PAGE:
Hillary Clinton might be on the way to the Democratic presidential nomination but she enters territory that could be considered more favorable to Bernie Sanders on Tuesday with the West Virginia primary.
And for the first time on the Republican side, there’s only one candidate in the race — but that doesn’t mean there’s consensus. Republicans in West Virginia and Nebraska will offer the first glimpse at whether the GOP can rally behind Donald Trump in a general election.
For Democrats, only West Virginia offers binding results. In Nebraska, Democrats caucused in early March, favoring Sanders by nearly 15 points. Though Democrats will still be voting in a primary on Tuesday, the results for the presidential race will have no binding effect on delegate allocation.
Here’s what to watch in Tuesday’s contests:
Do Clinton’s coal comments hurt?
Though Clinton won West Virginia over Barack Obama in 2008, she has been in far more hostile territory this time around after comments she made about putting coal miners “out of business.”
In a March town hall on CNN, Clinton said her policies would “put a lot of coal miners and coal companies out of business,” continuing to say she was putting forth plans to help those people.
But her critics on the left and right have seized on the remarks, with Sanders campaigning in West Virginia on taking care of coal workers and Donald Trump bringing up her remarks in rallies in the state.
Clinton has tried to walk back the comments, answering emotional questions from voters as she campaigns through the Mountain State. And she has the support of Democratic Sen. Joe Manchin, who told West Virginia MetroNews last week that he’s been talking to her about improving on President Barack Obama’s policies in regards to coal.
But in the heavily coal-reliant West Virginia, the damage may have been done.
Does Sanders pick up momentum?
West Virginia is considered favorable territory for Bernie Sanders.
The electorate in the last presidential Democratic primary was overwhelmingly white and working class. The state also has a primary that allows unaffiliated voters to cast ballots in either contest, meaning Sanders can turn out independents. Both of those factors have tended to favor him in past contests.
Though Nebraska’s results are non-binding, if the electorate resembles the pro-Sanders crowd in March, he’ll have another result to tout on what could be a rough night for Clinton.
Based on CNN’s current delegate estimate, Sanders can’t overtake Clinton for the nomination with the remaining pledged delegates up for grabs. He would need superdelegates to switch their allegiance to him from Clinton and pick up pledged delegates in remaining primaries in droves.
The proportional allocation rules in the Democratic primary won’t help Sanders catch Clinton — but he could spend the next month delivering some embarrassing losses to Clinton in states favorable to his campaign.
Will Republicans cast a protest vote?
Trump may be the only GOP candidate with an active campaign, but he won’t be the only candidate on the ballot in either state on Tuesday. Both West Virginia and Nebraska will have candidates who have dropped out of the race on the ballot, giving voters a chance to cast protest ballots against Trump should they choose.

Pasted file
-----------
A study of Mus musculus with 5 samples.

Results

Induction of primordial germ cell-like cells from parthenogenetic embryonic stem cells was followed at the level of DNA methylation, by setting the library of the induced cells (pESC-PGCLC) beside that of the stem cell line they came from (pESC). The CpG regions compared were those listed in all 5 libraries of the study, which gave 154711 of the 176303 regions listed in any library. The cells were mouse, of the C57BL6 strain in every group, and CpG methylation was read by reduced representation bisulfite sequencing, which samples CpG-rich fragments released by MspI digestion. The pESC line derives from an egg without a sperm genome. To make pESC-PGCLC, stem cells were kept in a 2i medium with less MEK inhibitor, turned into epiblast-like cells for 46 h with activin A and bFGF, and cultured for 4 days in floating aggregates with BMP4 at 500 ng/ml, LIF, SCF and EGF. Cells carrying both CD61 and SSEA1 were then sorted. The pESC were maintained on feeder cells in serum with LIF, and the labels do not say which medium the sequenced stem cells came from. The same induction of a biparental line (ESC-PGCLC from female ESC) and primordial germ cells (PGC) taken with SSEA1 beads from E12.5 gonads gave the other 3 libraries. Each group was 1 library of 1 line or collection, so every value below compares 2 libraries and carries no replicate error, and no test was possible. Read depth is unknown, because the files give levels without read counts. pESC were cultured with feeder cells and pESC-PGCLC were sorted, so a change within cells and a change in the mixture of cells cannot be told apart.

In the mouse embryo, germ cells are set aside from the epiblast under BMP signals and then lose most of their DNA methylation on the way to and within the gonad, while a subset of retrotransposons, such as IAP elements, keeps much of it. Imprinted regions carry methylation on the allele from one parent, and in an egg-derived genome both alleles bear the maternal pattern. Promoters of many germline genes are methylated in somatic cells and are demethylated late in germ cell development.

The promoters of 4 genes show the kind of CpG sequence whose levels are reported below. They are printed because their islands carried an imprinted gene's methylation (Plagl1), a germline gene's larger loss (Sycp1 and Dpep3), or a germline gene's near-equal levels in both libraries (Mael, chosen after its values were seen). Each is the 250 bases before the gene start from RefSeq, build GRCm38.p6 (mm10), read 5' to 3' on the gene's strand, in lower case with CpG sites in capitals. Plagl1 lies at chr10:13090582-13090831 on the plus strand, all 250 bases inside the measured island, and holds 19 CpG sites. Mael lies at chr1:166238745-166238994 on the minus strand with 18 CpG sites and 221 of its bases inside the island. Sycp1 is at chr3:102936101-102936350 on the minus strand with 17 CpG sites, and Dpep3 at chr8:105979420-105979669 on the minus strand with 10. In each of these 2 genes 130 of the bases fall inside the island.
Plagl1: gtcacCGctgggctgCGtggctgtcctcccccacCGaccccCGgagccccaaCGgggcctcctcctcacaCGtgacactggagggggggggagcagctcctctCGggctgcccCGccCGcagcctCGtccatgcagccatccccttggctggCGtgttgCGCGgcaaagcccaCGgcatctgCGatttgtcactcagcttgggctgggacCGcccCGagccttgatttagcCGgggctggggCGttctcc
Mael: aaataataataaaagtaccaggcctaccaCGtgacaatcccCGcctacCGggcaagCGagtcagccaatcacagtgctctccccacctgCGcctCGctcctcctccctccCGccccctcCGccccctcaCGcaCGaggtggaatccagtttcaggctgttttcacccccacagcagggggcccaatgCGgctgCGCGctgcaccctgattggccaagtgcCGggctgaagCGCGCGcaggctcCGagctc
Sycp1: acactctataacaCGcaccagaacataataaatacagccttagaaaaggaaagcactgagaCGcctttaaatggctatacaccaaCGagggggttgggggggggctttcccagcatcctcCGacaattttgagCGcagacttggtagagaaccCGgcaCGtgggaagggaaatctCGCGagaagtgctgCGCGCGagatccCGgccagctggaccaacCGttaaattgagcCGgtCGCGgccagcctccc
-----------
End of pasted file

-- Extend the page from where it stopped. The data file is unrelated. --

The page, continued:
Candidates with suspended campaigns have picked up a handful of votes in states after they left the race, but never in large margins. Tuesday will test whether the discomfort with Trump as the GOP nominee can drive voters to the polls to vote against the mogul.
Nebraska will be an especially interesting test case. It’s the home to Republican Sen. Ben Sasse, who wrote a lengthy Facebook post last week arguing for an alternative to Trump for Republicans who don’t want to vote for Democratic front-runner Hillary Clinton. Sasse won his Senate seat in 2014 with 65% of the vote.
But Trump also picked up the endorsement of Nebraska Gov. Pete Ricketts last week even as the rest of the Ricketts family continues to donate to anti-Trump efforts.
In West Virginia, in addition to casting ballots for Trump, voters will also select individual delegates to go to the convention. Delegate hopefuls will be marked with their chosen candidate or as uncommitted when voters make up their minds. To be sure, the Trump campaign in West Virginia sent supporters on Monday a guide to which delegates to select.
Can Trump mend fences with women?
One key statistic Donald Trump’s campaign will be watching in exit polling is his standing with women.
Trump has been viewed unfavorably by upwards of two-thirds of women in general election polling, but has done marginally better with women in the Republican electorate. He won 47% of women in the Indiana primary last week, according to exit polls. But he won 59% of men. His chances in November will improve should he be able to close that gender gap.
Democrats have been hammering Trump with some of his comments about women, trying to continue to keep those unfavorables high among the key voting demographic.
Without alternative Republicans in the race, Trump’s returns among women could be telling.
Both sides are hoping that a Trump-Clinton matchup could dramatically shift the electoral map as it has been known since 2000.
Republicans hope that Trump could put Rust Belt states like Ohio, Pennsylvania and Michigan in play for the party.
Democrats, on the other hand, hope that rising demographic trends in states like Arizona, North Carolina and Georgia coupled with Trump’s inflammatory statements about minorities could give Democrats an edge in states they have traditionally lost.
With Trump and Clinton holding tight grips on their party’s nominations, Tuesday will begin to show signs of what the general electorate could look like, and what issues are motivating them to the polls.